Climate Change Law

Subject LAWS50056 (2011)

Note: This is an archived Handbook entry from 2011.

Credit Points: 12.50
Level: 5 (Graduate/Postgraduate)
Dates & Locations:

This subject has the following teaching availabilities in 2011:

Semester 1, Parkville - Taught on campus.
Pre-teaching Period Start not applicable
Teaching Period not applicable
Assessment Period End not applicable
Last date to Self-Enrol not applicable
Census Date not applicable
Last date to Withdraw without fail not applicable


Timetable can be viewed here. For information about these dates, click here.
Time Commitment: Contact Hours: 36 hours, 3 hours per week over 12 weeks.
Total Time Commitment: 144 hours.
Study Period Commencement:
Credit Points:
Semester 1
Semester 1
Semester 1
Corequisites: None
Recommended Background Knowledge: Students are recommended to take international law prior to, or in conjunction with, this subject.
Non Allowed Subjects: None
Core Participation Requirements:

The Melbourne Law School welcomes applications from students with disabilities. It is University and Law School policy to take all reasonable steps to enable the participation of students with disabilities, and reasonable adjustments will be made to enhance a student’s participation in the School’s programs.

The inherent academic requirements for the study in the Melbourne Law School are:

  1. The ability to attend classes and actively engage in the analysis of complex materials and debate;
  2. The ability to read, analyse and comprehend complex written legal materials and complex interdisciplinary materials;
  3. The ability to clearly and independently communicate in writing a knowledge and application of legal principles and interdisciplinary materials and critically evaluate these;
  4. The ability to clearly and independently communicate orally a knowledge and application of legal principles and interdisciplinary materials and critically evaluate these;
  5. The ability to work independently and as a part of a group;
  6. The ability to present orally and in writing legal analysis to a professional standard.

Students must possess behavioural and social attributes that enable them to participate in a complex learning environment. Students are required to take responsibility for their own participation and learning. They also contribute to the learning of other students in collaborative learning environments, demonstrating interpersonal skills and an understanding of the needs of other students. Assessment may include the outcomes of tasks completed in collaboration with other students.

Students who feel their disability will prevent them from participating in tasks involving these inherent academic requirements are encouraged to contact the Disability Liaison Unit:


Assoc Prof Jacqueline Peel


Melbourne Law School Student Centre
Tel: +61 3 8344 4475
Subject Overview: This subject aims to provide a general introduction to climate change law and regulation at an international, national and local level with comparative examinations of other jurisdictions, as relevant. This will be supplemented by more detailed examination and case studies of specific topics, such as international law frameworks, and federal policy and law responses such as cap and trade emissions trading schemes, and renewable energy responses.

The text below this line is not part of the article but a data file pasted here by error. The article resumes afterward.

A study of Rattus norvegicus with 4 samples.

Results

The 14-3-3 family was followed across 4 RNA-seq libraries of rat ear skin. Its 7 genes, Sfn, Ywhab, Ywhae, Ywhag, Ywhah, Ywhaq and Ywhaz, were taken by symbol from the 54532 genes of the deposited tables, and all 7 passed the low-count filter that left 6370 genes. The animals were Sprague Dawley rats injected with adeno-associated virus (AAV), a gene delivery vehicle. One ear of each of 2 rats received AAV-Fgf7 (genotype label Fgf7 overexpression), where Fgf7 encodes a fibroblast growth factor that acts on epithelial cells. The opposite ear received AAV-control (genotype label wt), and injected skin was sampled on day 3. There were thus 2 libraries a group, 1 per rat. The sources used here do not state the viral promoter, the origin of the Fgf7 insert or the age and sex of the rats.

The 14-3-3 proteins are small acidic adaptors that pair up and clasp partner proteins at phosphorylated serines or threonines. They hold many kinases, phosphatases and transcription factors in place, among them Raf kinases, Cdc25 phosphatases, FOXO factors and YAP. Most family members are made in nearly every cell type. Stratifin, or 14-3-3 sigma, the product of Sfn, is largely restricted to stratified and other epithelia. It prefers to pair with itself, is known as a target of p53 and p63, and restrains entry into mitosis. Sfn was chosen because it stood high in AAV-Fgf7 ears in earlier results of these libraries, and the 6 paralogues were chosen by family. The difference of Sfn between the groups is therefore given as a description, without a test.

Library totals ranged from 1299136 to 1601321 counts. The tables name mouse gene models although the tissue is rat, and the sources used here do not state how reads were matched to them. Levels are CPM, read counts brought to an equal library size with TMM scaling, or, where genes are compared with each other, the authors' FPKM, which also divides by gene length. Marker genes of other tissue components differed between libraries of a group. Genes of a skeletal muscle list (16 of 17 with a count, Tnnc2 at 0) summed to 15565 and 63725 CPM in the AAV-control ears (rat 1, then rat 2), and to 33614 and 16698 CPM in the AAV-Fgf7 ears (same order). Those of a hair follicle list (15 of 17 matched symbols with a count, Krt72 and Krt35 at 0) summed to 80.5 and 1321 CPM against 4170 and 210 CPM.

On completion of this subject, students should demonstrate:

  • A working knowledge of the scientific basis for projections of global warming and the impacts of climate change in an ecological, social and economic context;
  • A firm understanding of the drivers for climate change at an international, regional and local level;
  • Sound knowledge of the international legal framework governing climate change issues, including the UNFCCC and associated international instruments together with a capacity to discuss likely trends in international law and regulation;
  • Strong understanding of the nature of climate change litigation and its integration with wider environmental concerns;
  • Strong understanding of the existing and potential legislative responses to climate change mitigation and adaptation including market measures and energy related measures, such as mandatory renewable energy targets;
  • A capacity to critically evaluate the various legislative and regulatory mitigation and adaptation measures at the federal and state level; and
  • A capacity to assess Australia’s progress toward a comprehensive and effective governance framework for climate change.
  • Research Essay of 5,000 words max (80%);
  • Case study of 1,000 words on an allocated aspect of climate change law including a class presentation (20%).

If numbers in the course remain below 25, students will be required to present the findings of their case studies in class.

Prescribed Texts: Nicola Durrant, Legal Responses to Climate Change (Federation Press, 2010)
Breadth Options:

This subject is not available as a breadth subject.

Fees Information: Subject EFTSL, Level, Discipline & Census Date
Generic Skills:

On completion of the subject, students should have developed the following generic skills:

  • Attitudes towards knowledge that include valuing truth, openness to new ideas and ethics associated with knowledge creation and usage;
  • The capacity for close reading and analysis of a range of sources;
  • The capacity for critical and independent thought and reflection;
  • The capacity to solve problems, including through the collection and evaluation of information;
  • The capacity to communicate, both orally and in writing;
  • The capacity to plan and manage time;
  • Intercultural sensitivity and understanding.